Background: The cutaneous synthesis of vitamin D is dependent on UVB from sunlight, but melanin reduces the penetration of UVB and thus contributes to vitamin D insufficiency in individuals with darker skin. The national guidance provided on amounts of sunlight exposure in the United Kingdom is for the light-skinned population, and in the absence of dedicated information, darker-skinned people may attempt to follow this guidance.
Objectives: We determined the relative effect of a simulation of UK recommendations of summer sunlight exposure on the vitamin D status of individuals of South Asian ethnicity compared with that of whites.
Design: In a prospective cohort study, simulated summer sunlight exposures were provided under rigorous dosimetric conditions to 15 adults (aged 20-60 y) of South Asian ethnicity, and serum 25-hydroxyvitamin D [25(OH)D] was measured weekly. Dietary vitamin D intake was estimated. Outcomes were compared with those of 109 whites (aged 20-60 y) treated with the identical UV-radiation exposure protocol.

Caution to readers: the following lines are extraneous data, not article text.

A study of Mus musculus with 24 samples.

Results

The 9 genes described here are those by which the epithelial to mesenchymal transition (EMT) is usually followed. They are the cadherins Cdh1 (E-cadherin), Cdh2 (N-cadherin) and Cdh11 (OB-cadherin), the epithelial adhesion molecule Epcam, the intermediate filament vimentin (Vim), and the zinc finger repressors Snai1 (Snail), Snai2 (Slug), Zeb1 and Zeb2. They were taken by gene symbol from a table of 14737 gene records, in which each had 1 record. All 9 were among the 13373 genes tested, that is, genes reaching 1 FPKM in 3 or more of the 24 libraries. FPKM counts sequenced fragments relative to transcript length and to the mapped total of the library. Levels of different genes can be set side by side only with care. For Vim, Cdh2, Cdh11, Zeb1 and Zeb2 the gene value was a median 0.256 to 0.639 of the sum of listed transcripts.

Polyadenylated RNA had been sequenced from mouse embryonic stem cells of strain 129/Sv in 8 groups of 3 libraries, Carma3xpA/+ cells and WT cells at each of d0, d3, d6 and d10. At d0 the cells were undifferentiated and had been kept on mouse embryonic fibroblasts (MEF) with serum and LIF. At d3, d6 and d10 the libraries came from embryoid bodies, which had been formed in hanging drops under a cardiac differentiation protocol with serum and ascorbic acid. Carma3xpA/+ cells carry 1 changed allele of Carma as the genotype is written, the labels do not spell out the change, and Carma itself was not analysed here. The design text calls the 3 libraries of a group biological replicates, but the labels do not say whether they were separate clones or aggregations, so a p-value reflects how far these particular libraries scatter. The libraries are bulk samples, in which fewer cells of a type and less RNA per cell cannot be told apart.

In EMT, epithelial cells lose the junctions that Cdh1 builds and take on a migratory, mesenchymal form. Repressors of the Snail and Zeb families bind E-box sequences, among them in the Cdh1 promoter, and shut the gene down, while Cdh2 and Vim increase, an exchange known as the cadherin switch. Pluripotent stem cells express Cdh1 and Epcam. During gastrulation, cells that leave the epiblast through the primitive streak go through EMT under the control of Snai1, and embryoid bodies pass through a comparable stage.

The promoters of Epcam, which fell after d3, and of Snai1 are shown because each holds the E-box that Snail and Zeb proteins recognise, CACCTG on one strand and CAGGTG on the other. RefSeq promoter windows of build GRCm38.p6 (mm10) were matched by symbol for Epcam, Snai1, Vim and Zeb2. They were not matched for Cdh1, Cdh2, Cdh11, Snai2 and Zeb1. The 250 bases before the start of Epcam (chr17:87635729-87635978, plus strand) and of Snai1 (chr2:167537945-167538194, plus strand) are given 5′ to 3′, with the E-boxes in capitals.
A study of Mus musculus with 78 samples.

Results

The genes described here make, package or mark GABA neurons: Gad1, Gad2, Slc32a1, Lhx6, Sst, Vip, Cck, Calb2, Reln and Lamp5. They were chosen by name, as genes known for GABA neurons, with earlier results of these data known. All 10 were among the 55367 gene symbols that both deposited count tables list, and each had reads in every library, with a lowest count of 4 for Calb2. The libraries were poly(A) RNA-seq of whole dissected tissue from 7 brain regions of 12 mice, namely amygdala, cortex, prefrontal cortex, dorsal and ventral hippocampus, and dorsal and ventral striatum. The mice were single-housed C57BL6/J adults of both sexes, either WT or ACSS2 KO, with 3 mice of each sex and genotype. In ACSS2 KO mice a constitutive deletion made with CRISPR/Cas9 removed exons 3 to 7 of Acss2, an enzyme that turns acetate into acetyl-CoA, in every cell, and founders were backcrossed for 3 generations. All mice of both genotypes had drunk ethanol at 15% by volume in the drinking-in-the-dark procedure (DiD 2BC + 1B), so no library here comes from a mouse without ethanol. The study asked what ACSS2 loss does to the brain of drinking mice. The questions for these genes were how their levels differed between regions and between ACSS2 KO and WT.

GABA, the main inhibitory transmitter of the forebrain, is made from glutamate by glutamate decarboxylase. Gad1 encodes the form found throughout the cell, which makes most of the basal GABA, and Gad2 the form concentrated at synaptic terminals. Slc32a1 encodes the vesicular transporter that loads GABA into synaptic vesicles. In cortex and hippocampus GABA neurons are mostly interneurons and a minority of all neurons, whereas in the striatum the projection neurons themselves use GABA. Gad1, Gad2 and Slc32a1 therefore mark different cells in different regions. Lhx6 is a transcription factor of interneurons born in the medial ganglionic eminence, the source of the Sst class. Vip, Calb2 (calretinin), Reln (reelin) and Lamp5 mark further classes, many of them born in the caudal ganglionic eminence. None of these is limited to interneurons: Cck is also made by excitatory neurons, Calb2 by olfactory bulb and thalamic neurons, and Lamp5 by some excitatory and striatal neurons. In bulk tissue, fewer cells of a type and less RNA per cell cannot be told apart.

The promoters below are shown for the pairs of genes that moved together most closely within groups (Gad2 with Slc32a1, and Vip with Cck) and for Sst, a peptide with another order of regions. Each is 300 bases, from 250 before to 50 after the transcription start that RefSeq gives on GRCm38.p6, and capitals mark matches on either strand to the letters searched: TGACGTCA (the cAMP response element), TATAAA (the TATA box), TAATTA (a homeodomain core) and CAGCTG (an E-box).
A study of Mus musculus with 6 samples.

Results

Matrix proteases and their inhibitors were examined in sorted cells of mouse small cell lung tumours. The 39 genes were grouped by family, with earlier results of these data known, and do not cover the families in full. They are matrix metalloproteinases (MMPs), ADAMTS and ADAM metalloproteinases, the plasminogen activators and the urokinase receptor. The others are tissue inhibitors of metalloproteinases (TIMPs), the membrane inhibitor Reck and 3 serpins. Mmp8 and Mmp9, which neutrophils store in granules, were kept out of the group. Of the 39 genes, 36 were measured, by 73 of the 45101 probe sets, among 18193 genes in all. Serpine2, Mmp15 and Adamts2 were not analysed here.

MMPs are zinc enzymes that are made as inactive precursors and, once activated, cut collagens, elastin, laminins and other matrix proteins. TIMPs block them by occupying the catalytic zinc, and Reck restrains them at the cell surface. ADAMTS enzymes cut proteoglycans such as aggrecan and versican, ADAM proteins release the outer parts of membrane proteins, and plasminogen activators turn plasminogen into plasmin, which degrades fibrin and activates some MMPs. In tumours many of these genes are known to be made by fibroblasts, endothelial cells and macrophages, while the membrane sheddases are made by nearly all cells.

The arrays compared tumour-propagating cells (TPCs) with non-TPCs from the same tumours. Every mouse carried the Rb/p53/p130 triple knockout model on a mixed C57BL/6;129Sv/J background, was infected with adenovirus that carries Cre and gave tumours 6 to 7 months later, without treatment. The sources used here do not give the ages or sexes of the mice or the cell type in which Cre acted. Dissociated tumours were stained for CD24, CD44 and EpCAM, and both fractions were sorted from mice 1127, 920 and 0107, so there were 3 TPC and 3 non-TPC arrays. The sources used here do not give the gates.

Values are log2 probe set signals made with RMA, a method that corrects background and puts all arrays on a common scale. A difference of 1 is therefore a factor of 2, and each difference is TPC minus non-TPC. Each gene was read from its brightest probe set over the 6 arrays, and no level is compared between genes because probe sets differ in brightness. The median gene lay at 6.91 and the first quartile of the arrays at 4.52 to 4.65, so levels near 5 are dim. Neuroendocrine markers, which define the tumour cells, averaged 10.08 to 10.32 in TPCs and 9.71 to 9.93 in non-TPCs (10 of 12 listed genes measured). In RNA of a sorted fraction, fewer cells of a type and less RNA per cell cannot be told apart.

Results: At baseline (winter trough), all South Asians were vitamin D-insufficient [25(OH)D concentrations <20 ng/mL], and 27% of South Asians were vitamin D-deficient [25(OH)D concentrations <5 ng/mL]; although 25(OH)D concentrations increased postcourse (P < 0.0001), all South Asians remained vitamin D-insufficient. The mean increase in 25(OH)D was 4.3 compared with 10.5 ng/mL in the South Asian and white groups, respectively (P < 0.0001), and 90% of the white group reached vitamin D sufficiency postcourse. The median dietary vitamin D intake was very low in both groups.
Conclusions: Sunlight-exposure recommendations are inappropriate for individuals of South Asian ethnicity who live at the UK latitude. More guidance is required to meet the vitamin D requirements of this sector of the population. This study was registered at www.isrctn.org as ISRCTN 07565297.